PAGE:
You can do anything but don't step on my Elvis 78s

THERE used to be a hi-fi shop off Tottenham Court Road called Imhof's. It boasted that it had been founded in about 1850. And I could never understand how a hi-fi shop could have been started in 1850, which was not a big year in stereo history. But now, thinking about this CD business, I think I have worked it out.

My one fear is not that CDs are too expensive, but that the damned things will be phased out before I have fully mastered them. It always takes me the best part of a decade before I feel I have come to terms with a new sound breakthrough, and just when I have finally got there, something else comes along: so please, please, CD makers, put the price up all you want, but don't change anything just yet till I have learnt how to get the inlay notes in and out of your incredibly stupidly designed CD covers. Make it 1996, to be safe.

I should be used to all this by now, having gone through decade after decade of useless change. It was 78s when I started. Teenagers will hardly believe this, but when Elvis Presley's records first came out, they weren't on jukebox plastic, they were on old shellac 78 rpm records inside paper bags marked 'J & D Peters, The Hardware Shop, 4 Marine Drive, for All Your Music, Pianos, Prams, Bicycles and Animal Feed Requirements'. You bought your new Elvis 78 with trembling hands and took it home and dropped it and broke it, and had to go out and buy another.

When you had enough 78s, you stacked them on a spindle in the middle of the turntable. You simply switched on the first one, and after it had played, the second one came down, and so on. That's not what really happened, of course. What happened was that the second one refused to come down, and the first one played over and over again till you went mad.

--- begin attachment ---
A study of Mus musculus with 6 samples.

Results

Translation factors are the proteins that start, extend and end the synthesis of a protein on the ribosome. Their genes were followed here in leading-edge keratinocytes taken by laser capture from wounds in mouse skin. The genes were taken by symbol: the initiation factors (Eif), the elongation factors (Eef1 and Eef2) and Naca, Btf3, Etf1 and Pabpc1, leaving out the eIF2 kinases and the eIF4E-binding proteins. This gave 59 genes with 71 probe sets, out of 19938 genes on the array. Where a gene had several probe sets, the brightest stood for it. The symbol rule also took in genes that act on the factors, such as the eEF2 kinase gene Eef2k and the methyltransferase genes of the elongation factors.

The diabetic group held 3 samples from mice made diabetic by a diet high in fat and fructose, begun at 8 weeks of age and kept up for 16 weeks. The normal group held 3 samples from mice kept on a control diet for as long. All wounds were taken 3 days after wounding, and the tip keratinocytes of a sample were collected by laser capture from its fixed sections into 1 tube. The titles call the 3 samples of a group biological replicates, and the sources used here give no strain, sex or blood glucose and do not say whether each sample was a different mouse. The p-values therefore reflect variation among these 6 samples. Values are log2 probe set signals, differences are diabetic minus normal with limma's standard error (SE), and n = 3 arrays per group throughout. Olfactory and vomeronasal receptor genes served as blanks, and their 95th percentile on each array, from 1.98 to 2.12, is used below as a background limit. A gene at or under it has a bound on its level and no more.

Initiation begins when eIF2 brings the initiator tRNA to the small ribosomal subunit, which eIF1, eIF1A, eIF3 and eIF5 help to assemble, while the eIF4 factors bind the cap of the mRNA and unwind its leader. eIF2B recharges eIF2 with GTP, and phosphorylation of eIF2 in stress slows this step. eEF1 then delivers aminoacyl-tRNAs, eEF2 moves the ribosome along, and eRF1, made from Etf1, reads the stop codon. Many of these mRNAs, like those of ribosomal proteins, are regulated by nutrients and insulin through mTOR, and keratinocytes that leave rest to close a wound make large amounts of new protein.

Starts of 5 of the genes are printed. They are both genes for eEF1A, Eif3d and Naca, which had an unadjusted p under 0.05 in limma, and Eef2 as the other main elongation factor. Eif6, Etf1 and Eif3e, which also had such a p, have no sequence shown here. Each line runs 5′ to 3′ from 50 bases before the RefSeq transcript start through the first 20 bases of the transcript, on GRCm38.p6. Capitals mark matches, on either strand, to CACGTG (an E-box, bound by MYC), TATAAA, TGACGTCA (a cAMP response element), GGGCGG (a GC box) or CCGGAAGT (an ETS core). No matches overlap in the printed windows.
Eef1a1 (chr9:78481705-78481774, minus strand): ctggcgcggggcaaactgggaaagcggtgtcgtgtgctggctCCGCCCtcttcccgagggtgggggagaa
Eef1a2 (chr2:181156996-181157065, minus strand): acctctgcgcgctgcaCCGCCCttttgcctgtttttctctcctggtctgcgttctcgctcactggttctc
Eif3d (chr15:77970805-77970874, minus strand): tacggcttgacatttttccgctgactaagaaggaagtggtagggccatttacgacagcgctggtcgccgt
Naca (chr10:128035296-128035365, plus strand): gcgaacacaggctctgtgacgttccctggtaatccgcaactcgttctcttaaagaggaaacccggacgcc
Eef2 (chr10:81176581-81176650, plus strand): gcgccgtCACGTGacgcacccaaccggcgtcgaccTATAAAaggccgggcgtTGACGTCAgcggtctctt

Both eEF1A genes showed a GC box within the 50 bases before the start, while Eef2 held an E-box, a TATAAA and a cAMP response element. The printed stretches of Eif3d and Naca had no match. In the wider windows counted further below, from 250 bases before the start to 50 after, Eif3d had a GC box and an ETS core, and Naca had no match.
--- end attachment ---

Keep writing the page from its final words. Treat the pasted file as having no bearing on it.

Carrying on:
The manufacturers realised they had to improve this, so, as soon as they were convinced that everyone in the world had a 78-player, they introduced a new system: 45 rpm 7in singles, which you stacked on a spindle, and these little 45s then came down one by one. They didn't, actually. They all came down in one big heap as soon as you activated the machine, and the only 45 you ever got to hear was the top one in the pile.

Then the LP flourished, with its corresponding technical breakthrough, which was an inner sleeve made of paper or plastic so constructed that you could never work out which side opened to receive the LP. Then the tape cassette, and then a pause while they worked on how to make the compact disc complicated and fiddly enough to be worth introducing.

(It was during that gap, when I lived next to the Portobello Road, that I was contacted by a friend in North Wales. He had inherited an old cylinder player. Could I take it to the Portobello Road and sell it for him? Like a fool, I took it and kept it at home for a while, knowing I would never have the chance to play with a cylinder machine again. I thus found myself devoting a great chunk of the 1970s mastering the technology of the 1890s.)

The result of all this is that my home now bears the traces of all the preceding ages of music reproduction, like a rich archaeological site. There are little tins of steel needles, velvet things to clean records with, stacks of jukebox-weary 45s, LPs so old that they are called 'microgroove', things that look like small suitcases but are really sets of 78s, one or two Edison cylinders that I forgot to sell, a German postcard I bought in 1958 which has a hole in the middle so you can play it on a gramophone, and the tune it plays is 'Colonel Bogey' . . .

I have even got a Victorian music box, a lovely thing that plays six tunes over and over again, and serves as a reminder that even before electricity they were marketing mechanical music. We always think that when Thomas Edison invented recorded music, the world must have leapt around saying: 'Hey, at last we can go out and buy a really easy and convenient way of listening to Thomas Edison reciting 'Mary had a Little Lamb']' But they didn't. They can't have done. They must have said, just like us: 'Oh God, just when I had got all the Mendelssohn and Rossini I need on my musical box format] Now they go and invent something better, and now I suppose I'll have to go to Imhof's in Tottenham Court Road to buy it all on cylinder or piano roll . . .'.

They probably set up a parliamentary committee to look into the price of piano rolls, too, and a fat lot of good it did them.